It can’t be a silent addiction any more
With Gr o ac G e
You can tell it is spring on the Eastern Shore. Where else could you go out in the morning in your flip flops and spend your evening commute watching snow? Fog, rain, wind, hail ... we’ve got that! Mother Nature, you’ve certainly impressed us with your display, but I’m over it already. If you could see fit to provide me with a few beach days before the peninsula begins to sink a little more under the influx of tourists, I would really appreciate it. Sincerely, Me.
I’ve struggled a bit with this week’s column, because I want to give you something lighthearted and be ebullient (this word’s for you), but the truth is there is a story that weighs too heavy on my heart to ignore. My colleague covered this week yet another story on the ongoing opioid addiction that faces our nation. It is an epidemic that is sweeping our cities and leaving no one untouched. The CEO at Anne Arundel Medical Center called opioid addiction a disease — one epidemic proportions. Cardin and Sarbanes said a bipartisan effort is underway in Washington to tackle the opioid epidemic.
The National Institute on Drug Abuse has tracked the number of deaths in the U.S. from prescription opioid pain relievers from 2001 to 2014. Statistics report an increase from almost 6,000 deaths per year, to nearly 20,000 in 2014. Triple. Statistics for 2015 weren’t included in this report, but use your imagination. We know this is a problem. And it isn’t going away.
The question is, what is it going to take to fix it? Health care providers and prescription drug companies undoubtedly need to shoulder some of the responsibility. Irresponsible prescribing of opiates should not be taken lightly. I’m not suggesting an all or nothing policy, because I know that isn’t effective. Alcohol related deaths still continue despite stricter DUI laws and penalties, and I don’t know that the problem can be legislated to death, but there can and should be responsibility, and accountability. Responsibility. Accountability.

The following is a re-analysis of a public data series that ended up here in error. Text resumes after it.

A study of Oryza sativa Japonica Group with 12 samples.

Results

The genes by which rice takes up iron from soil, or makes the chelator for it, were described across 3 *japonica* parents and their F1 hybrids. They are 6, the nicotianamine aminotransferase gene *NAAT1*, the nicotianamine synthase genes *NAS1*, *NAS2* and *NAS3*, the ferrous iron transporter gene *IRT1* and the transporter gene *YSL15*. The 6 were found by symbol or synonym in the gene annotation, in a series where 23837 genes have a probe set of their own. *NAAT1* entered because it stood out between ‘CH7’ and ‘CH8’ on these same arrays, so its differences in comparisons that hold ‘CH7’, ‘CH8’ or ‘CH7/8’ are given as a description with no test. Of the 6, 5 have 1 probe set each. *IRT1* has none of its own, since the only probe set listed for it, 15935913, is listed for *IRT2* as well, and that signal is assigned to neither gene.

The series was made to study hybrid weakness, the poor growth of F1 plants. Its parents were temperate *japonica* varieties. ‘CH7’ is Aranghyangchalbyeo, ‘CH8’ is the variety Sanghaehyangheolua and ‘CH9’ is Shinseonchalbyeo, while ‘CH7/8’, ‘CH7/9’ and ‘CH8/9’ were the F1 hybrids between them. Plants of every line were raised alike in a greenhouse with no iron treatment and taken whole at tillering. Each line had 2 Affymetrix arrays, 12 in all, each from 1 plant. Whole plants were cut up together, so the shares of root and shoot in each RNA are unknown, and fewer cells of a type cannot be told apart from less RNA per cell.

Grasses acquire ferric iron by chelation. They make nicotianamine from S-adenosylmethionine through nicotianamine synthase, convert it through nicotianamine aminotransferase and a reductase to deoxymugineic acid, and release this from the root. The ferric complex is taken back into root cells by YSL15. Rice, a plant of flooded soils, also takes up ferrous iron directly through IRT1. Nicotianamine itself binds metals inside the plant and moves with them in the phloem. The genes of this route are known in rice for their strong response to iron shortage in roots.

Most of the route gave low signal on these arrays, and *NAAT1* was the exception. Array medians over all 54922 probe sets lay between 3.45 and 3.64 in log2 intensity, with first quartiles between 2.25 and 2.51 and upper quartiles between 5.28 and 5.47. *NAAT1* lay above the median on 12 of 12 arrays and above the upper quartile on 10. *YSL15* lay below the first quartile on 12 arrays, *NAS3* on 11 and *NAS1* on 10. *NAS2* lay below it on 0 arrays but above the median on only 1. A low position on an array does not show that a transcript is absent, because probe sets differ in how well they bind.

Illegal distribution. Negligent prescribing. More accurate diagnosis of mental health conditions. We’ve dug our way into this hole, in the true American way of ignoring the problem. We have to dig our way back out.
And it’s not a problem just for those communities somewhere else. We can’t say not my child. It’s right here at home. My very good friend who is an unbelievable mother and now grandmother, one of the most giving and nurturing
women I know, is right now watching her son die. Once a high school athlete with an ordinary injury, he has overdosed twice in seven days. EMS follows their new protocols, and each time he gets another chance, but he can no longer fight for himself. His addiction is now calling the shots, and it doesn’t want him to win.
She doesn’t mind that I share her story, because
every moment she is awake she is advocating for him and is in this fight against heroin and opioid addiction. By choosing not to enable her son’s addiction she has come under attack, and she doesn’t get the credit she deserves for standing up for her son and for the countless others who don’t have someone who can stand for them. I don’t know that I could be as strong. This is grace.